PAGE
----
Diabetes Blogs

Make This Your Year

tofu on blue plateTofu makes my taste buds happy; my husband...not so much! For the sake of adding variety to my diet, I make him something else for dinner when I want tofu!

As we head into the holiday season, I’m 16 pounds lighter than I weighed last year. My primary doctor and endocrinologist are thrilled (as am I). It’s taken a year of careful counting of carbs and calories, giving up meat and chicken, upping my resistance level on my stationary bike and lifting heavier weights in my body strength class. Although it’s something that I’ve been trying to accomplish since my first son was born (he’s now 33!), I’d never been able to do it before.

Which should give everyone who has a diet resolution lingering on their New Year’s list some hope. 

While I never appeared overweight thanks to regular exercise (and strategic dressing) I teetered on the cusp of an overweight BMI. And though I tried every new diet—from cabbage soup to Weight Watchers to keto—I never succeeded in losing weight. If you’ve been locked in the same struggle, here are a few things I learned along the way:       

  1. Stop trying to stick to someone else’s plan. I know this might seem counterintuitive, but all those popular diets  didn’t work for me, or if they worked, they worked only for a short time. This time I made my own rules (that I was free to change).
  2. Figure out what will make your stomach and taste buds happy. I happen to like extra firm tofu (I know!). But I rarely ate it because my husband wasn't a fan  and we always ate the same things for dinner. Sometime this year I realized that was nuts, and started making two different dinners. It wasn’t that hard—this week I made a big pot of minestrone soup with pasta for him and veggie stir fry with tofu for me.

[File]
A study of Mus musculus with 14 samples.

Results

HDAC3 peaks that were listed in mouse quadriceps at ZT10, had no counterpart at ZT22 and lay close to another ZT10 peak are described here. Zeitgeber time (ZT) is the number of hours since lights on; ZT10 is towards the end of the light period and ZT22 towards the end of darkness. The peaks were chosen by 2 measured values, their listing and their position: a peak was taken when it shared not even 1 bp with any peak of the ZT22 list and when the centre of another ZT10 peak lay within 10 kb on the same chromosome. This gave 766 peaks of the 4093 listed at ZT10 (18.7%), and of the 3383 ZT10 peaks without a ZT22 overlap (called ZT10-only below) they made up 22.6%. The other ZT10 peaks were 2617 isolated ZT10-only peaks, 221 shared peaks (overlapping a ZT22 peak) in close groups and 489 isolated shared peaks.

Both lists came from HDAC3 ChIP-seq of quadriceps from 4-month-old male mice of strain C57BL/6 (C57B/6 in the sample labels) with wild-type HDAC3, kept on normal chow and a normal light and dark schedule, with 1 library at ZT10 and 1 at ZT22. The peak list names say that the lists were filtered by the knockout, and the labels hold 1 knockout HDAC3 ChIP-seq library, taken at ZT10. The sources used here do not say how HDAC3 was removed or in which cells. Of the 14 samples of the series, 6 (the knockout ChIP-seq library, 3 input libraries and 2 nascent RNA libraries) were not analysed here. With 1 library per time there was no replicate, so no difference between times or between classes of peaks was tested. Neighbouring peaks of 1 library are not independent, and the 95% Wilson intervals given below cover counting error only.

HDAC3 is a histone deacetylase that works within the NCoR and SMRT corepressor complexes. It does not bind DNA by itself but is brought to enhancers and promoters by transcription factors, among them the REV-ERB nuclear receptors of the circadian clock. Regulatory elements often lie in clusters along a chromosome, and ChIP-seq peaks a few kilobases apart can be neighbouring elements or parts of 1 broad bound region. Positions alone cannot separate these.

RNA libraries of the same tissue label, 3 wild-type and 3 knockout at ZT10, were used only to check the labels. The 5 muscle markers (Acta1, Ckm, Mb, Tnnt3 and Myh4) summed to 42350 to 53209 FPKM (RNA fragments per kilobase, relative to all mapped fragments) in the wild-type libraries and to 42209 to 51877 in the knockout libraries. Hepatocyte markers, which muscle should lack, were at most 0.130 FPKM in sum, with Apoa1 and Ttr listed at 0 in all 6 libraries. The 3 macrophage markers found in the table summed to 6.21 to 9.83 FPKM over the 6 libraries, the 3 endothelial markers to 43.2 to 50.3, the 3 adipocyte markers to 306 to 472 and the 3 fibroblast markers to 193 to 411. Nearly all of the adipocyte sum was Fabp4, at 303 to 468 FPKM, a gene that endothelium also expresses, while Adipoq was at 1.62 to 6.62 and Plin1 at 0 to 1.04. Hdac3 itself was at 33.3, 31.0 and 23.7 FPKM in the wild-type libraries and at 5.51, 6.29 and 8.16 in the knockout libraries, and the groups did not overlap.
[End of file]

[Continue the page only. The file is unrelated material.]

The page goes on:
3. Increase your exercise, even if it’s a little bit. I’ve been exercising on a stationary bike for ages, usually at a resistance of 11 or 12. It didn’t really exert me, because I have  strong quad and glute muscles, but hey, it was exercise. This year, I started adding minutes at a resistance of 13, then 14, then 15, until I could pedal for an hour at a resistance of 16. I didn’t believe I could do it, but gradually building to that goal made all the difference.  
  4. Consider going vegetarian or pescatarian. There are lots of good reasons to give up meat and chicken. It’s good for the environment and will help your  your lipids and cholesterol. My cholesterol  dipped dramatically six months after I restricted my protein to fish, egg whites, beans, tofu and meatless substitutes. A vegan or vegetarian diet is also excellent for people with diabetes. 
  5. Pick a cheat food. Dried fruit has a lot of sugar, but I like it, so I added a few pieces of dried apricots, raisins, or dried cherries on occasion  to my breakfast  oatmeal or snacks. Eating it in limited portions, it didn’t impact my blood sugars. Of course, everyone is different, so if that doesn’t work, maybe sugarless chocolate or nuts or a teaspoon or two of peanut butter can get you through times when you’re bored or prowling the pantry. 

Losing weight, if you need to, probably is the best thing you can do for your diabetes and your heart. Even losing 10% of your current weight can make a huge difference. Here’s wishing you luck!